The list of groups who don’t support net zero by 2050 gets smaller and smaller and at the top of the list is Scott Morrison’s Government.
Japan committing to net zero emissions by 2050 is a hugely significant development and great news for global action on climate change.
With Japan’s announcement, more than 60 per cent of Australia’s two-way trade is now with countries driving to net zero by or near (in China’s case) mid-century.
In adopting net zero emissions by 2050, Japan joins over 73 nations, every state and territory in Australia, the Australian Industry Group, the Business Council of Australia, the National Farmers Federation, Australia’s major energy companies, our biggest airline, our biggest mining company, our biggest bank, our biggest telecommunications provider, and countless experts and scientists.
The Investor Group on Climate Change cites economic modelling which shows Australia would create $63 billion in fresh investment opportunities over the next five years and over $1 trillion to 2050 by strengthening climate targets and policies in line with reaching net zero emissions by mid-century.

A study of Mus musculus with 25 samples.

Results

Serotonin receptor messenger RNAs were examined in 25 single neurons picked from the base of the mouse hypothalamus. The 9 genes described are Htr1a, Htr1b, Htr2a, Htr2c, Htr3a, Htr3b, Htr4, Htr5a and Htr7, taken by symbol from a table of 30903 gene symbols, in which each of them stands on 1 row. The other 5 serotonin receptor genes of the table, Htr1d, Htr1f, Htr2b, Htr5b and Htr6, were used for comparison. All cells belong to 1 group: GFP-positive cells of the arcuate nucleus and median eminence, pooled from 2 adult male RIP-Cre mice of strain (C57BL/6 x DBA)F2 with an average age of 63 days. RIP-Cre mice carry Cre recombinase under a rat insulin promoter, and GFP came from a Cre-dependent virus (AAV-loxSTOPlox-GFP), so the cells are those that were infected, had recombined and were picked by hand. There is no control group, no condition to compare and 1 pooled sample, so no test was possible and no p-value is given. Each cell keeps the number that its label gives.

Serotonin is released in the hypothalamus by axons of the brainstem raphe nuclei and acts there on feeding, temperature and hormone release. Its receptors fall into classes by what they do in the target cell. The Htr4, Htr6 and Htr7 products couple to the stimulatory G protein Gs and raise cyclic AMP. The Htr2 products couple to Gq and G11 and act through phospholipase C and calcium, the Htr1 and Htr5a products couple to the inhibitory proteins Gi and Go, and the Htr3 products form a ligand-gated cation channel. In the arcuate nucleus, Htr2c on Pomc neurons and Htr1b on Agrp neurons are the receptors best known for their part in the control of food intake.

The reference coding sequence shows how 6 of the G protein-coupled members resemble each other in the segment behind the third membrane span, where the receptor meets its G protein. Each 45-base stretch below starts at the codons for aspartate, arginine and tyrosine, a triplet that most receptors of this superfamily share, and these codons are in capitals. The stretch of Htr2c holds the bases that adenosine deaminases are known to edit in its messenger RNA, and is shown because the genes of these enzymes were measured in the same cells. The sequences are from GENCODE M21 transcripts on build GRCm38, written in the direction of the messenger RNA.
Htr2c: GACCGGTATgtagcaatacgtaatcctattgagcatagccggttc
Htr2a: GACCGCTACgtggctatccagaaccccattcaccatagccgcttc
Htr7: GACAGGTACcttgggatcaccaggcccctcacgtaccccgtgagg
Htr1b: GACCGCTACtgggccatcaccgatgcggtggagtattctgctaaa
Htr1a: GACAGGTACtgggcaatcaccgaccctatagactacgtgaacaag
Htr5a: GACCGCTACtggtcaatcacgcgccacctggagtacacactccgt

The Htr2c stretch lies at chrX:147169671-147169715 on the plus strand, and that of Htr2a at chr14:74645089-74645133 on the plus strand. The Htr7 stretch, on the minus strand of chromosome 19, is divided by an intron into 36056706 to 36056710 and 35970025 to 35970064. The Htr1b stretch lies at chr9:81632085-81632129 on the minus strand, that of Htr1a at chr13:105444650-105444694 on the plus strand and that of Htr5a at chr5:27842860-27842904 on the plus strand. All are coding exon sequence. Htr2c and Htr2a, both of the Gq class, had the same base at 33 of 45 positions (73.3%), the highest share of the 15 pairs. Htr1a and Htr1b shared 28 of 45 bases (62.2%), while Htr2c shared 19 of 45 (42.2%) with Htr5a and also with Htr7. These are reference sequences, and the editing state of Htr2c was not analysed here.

Australia’s largest exporters support a net zero emissions target because they understand Australia can become a clean energy superpower, leading to stronger economic growth and more jobs.
But they are also concerned that the Government’s refusal to adopt a target will jeopardise Australian planned free trade agreements with the European Union and the United Kingdom.
The EU and the UK are insisting on stronger climate targets as a condition of the FTAs they are negotiating with Australia.
The Morrison Government is prepared to risk those jobs by doing nothing on climate change and insisting that targets be excluded from trade deals.
It’s up to Scott Morrison to explain why he won’t commit to net zero emissions by 2050.